Joe’s Testimony


I was born into an alcoholic family. My father would go on a drunken spree 2 or 3 times a year. My mom said he would have a hard time coming off of them. When he did, his boss would let go of the 3 people they hired to cover when he was gone. My dad died when I was 5. I know my mom did the very best she could do raising me, although the father figures in my life all seemed to be alcoholics. I grew up thinking that waiting out in a car for them, or even spending hours on a bar stool drinking sodas was normal stuff.

As I got older, I spent more time with my oldest sister, so I started to do what she did – drink, smoke pot, and hang out with people way older than I was. By the time I was 12 or 13, I was doing a lot of different drugs. When I was in middle school, my mom was dating a painter who was a drunk and I worked for him. Now I found myself back in the bars, but with new rules. He would pay me not to tell my mom.

Around this time, I started selling drugs. I thought I had arrived. I thought money was power. I have spent many years of pain enduring that wrong perception that money is power. The fast lane became normal and so did the consequences for the way I was living. Everything I swore I would not do; I was finding that I would do. Jails, institutions, and overdoses were happening back-to-back. My life was going out of control and sometimes I could see it and sometimes I could not.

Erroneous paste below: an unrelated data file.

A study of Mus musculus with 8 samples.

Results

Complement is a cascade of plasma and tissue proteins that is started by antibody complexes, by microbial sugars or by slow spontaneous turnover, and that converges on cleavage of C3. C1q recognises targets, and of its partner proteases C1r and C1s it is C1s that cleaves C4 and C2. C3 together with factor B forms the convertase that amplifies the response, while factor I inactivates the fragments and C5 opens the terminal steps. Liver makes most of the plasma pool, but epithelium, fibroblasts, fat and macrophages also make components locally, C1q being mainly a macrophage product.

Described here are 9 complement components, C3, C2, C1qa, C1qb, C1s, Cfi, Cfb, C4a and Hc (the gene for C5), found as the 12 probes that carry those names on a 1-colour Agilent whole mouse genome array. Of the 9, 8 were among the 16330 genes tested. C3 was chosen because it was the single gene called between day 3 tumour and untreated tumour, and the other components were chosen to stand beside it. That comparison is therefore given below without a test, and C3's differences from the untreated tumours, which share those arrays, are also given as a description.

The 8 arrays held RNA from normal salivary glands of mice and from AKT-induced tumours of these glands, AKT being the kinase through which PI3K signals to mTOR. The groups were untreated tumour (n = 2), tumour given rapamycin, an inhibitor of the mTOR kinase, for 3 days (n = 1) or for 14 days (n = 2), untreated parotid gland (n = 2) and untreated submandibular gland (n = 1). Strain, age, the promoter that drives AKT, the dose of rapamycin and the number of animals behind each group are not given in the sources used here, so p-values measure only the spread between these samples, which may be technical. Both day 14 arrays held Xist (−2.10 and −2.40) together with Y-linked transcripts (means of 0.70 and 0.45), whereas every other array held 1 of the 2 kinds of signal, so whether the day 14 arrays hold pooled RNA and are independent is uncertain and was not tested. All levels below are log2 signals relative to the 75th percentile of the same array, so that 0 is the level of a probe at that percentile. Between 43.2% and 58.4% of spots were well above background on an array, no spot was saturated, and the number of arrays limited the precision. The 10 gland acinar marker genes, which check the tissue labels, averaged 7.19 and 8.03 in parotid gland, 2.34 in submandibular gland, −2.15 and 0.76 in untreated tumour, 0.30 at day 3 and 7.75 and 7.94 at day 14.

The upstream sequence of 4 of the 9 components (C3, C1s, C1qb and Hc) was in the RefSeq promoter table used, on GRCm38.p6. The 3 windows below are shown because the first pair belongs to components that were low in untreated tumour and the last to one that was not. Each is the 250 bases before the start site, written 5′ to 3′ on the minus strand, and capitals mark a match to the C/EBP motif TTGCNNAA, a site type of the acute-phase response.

Somehow, which I believe to be God, I had the strength to call the Mission. This was on Thursday, February 2, 2017. When I walked up the walkway to enter the Mission, I was scared sick. One question I was asked during the interview was what I want to get from being at the Mission, and I said I didn’t want to die alone. I meant,

I wanted to know God before I die. Since then, my relationship with God has grown and grown. I read the Bible. I’ve learned that I have a conscience. I’ve learned that I’m really not Tough Tony, but I am Marshmallow Joe, and I like that person better. Early on in the Program, I was relieved of a weight I had been carrying when I confessed about an accident I was in once when leaving a bar. This was an “AH HA” moment in my life.

I really care about helping people in the community and I enjoy helping people, which is what the Mission is all about.